The fifth in filmmaker Mike Flanagan’s run of miniseries made for Netflix, The Fall of the House of Usher finds him returning to adaptation once again — only one of these, the vastly superior Midnight Mass, was an original piece of material. This latest effort mines many of the famous stories and characters from the work of Edgar Allan Poe, attaching them like limbs to a big Frankenstein’s monster that uses Usher as a spine, and adds a large dose of timely commentary that’s as amusing as it is often diabolically clumsy and tin-eared. The family dynasty here is that of Roderick Usher (Bruce Greenwood), who, along with his fraternal twin sister Madeline (Mary McDonnell), has controlled Fortunato Pharmaceuticals for decades, becoming wealthy beyond measure, enabling his many children (both legitimate and il-) in their decadent lifestyles, all the while addicting millions of people to his deadly opiate Ligadone.
Obviously, the Ushers here are a thinly-veiled analog for the real life Sackler family, which is as decent a jumping-off point as any for Flanagan’s targeting of the disgustingly rich. As the eight-episode series opens, Roderick sits down with longtime nemesis Auguste Dupin (Carl Lumbly), prepared to finally give this investigator the evidence he needs to put Roderick away forever. He proceeds to narrate the untimely and violent demises of every one of his children. Each episode takes a specific inspiration from one of Poe’s stories and spins them into something a bit more Stephen King-y in their cornball modernity. For instance, The Masque of the Red Death now features an orgy in a nightclub that becomes an acid-rain downpour of grue. Elsewhere, the killer feline at the center of The Black Cat is particularly amusing.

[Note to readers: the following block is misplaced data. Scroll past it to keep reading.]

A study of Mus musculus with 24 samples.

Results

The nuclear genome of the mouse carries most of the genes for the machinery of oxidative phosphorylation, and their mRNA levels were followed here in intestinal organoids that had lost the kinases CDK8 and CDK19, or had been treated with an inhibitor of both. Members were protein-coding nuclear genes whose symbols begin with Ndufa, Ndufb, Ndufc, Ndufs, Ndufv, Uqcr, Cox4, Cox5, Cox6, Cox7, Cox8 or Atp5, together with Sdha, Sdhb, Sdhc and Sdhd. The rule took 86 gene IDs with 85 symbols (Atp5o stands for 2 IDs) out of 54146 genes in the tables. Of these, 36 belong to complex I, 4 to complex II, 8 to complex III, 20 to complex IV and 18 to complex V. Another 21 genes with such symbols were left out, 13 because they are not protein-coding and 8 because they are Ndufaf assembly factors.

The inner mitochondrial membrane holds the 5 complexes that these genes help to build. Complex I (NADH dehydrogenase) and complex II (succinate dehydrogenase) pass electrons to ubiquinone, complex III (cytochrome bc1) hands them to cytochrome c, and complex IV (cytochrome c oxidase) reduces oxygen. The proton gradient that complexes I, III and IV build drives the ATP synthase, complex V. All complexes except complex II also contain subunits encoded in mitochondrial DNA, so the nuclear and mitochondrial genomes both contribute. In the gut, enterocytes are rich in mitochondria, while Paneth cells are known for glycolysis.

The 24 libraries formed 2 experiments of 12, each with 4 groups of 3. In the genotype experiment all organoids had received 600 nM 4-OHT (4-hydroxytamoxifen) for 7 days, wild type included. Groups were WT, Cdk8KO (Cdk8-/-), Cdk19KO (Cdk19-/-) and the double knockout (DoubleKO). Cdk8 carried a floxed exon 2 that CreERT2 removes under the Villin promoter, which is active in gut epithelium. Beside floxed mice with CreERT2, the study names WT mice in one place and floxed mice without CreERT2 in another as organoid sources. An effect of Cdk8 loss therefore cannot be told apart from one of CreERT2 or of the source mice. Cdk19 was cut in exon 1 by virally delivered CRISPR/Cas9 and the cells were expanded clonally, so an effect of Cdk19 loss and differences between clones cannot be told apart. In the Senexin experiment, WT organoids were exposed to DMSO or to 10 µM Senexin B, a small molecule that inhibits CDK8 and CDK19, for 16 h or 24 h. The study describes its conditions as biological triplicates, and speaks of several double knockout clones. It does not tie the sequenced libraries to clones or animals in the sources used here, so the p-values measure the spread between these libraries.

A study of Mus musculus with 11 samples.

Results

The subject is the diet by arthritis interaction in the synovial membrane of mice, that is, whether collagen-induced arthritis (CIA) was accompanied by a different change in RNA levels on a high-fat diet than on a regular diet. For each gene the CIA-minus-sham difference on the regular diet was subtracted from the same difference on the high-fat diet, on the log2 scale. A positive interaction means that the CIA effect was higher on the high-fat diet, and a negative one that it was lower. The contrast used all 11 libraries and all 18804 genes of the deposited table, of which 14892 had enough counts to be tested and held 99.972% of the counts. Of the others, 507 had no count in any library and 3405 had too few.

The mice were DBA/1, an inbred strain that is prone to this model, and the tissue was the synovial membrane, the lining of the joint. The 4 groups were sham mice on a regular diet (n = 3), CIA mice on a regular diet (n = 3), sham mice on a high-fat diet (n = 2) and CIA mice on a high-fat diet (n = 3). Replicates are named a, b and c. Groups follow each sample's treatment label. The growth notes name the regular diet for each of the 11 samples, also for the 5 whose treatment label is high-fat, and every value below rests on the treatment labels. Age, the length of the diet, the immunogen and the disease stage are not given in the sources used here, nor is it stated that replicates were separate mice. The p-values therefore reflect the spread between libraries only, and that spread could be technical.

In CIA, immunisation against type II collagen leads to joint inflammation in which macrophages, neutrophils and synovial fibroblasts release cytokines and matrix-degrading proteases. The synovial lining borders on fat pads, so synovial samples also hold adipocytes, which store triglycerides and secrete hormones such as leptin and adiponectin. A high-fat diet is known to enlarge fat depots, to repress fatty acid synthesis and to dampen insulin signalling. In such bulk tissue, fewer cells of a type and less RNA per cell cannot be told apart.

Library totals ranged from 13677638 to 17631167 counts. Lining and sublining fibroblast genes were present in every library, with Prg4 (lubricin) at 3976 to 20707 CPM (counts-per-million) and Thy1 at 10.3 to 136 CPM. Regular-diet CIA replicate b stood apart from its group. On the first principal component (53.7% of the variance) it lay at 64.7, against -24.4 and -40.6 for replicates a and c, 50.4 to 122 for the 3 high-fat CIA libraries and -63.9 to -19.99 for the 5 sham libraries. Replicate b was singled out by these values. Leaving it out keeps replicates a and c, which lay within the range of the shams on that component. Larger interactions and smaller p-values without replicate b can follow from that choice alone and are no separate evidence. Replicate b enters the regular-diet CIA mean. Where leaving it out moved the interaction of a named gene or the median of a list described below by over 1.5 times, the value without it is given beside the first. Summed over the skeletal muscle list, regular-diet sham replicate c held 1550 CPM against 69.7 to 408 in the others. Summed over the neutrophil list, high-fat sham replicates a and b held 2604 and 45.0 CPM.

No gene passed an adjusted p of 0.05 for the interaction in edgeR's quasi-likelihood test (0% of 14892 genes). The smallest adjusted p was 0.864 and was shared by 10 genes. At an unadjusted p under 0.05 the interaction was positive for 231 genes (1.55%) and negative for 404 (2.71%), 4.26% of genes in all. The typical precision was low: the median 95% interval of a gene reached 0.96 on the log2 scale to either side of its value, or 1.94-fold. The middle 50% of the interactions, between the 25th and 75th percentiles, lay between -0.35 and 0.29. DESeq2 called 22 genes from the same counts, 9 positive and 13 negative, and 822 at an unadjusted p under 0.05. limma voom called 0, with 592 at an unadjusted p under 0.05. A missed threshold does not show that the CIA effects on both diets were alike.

All of these grisly delights are the karmic revenge of some shapeshifting spectral character named Verna — an anagram of raven; cute — played by Carla Gugino. It won’t be difficult to parse who she is or what exactly she’s after, especially given the series’ emphasis on righteous comeuppance; it’s all clever enough. As in his previous serial work, Flanagan’s stories here are relatively engrossing, and their yucky charms lend themselves well to a laundry-folding weekend binge-watch. Viewers familiar with Poe and his stories will spot endless references and Easter eggs, and in support of it all, Flanagan has also assembled a terrific cast, with everyone chewing appropriate amounts of scenery, particularly regular collaborator Henry Thomas as an especially scummy Usher son, as well as Mark Hamill as the family’s scary fixer.
But despite Usher‘s consistency and competency, the series’ pacing seriously flags, mostly in long flashbacks detailing just how the monstrous original Usher twins got that way. Once the nature of their torment is finally revealed, it lands as a bit of a letdown, mostly because there are still two-and-a-half hours’ worth of wrap-up to work through, a good chunk of which is padded out by one monologue after another — it’s never a good idea to close out your horror project with a thudding screed about consumerism and culture — and also a couple of lugubrious recitations of classic Poe mainstays like “The Raven.” At four hours, this melange of modernized gothicism might have been something of a funhouse classic. At eight-plus, it too often feels like a scolding slog.
CREATOR: Mike Flanagan; CAST: Bruce Greenwood, Carla Gugino, Henry Thomas, Mary McDonnell, Zach Gilford, Willa Fitzgerald; DISTRIBUTOR: Netflix; STREAMING: October12; RUNTIME: 8 hr.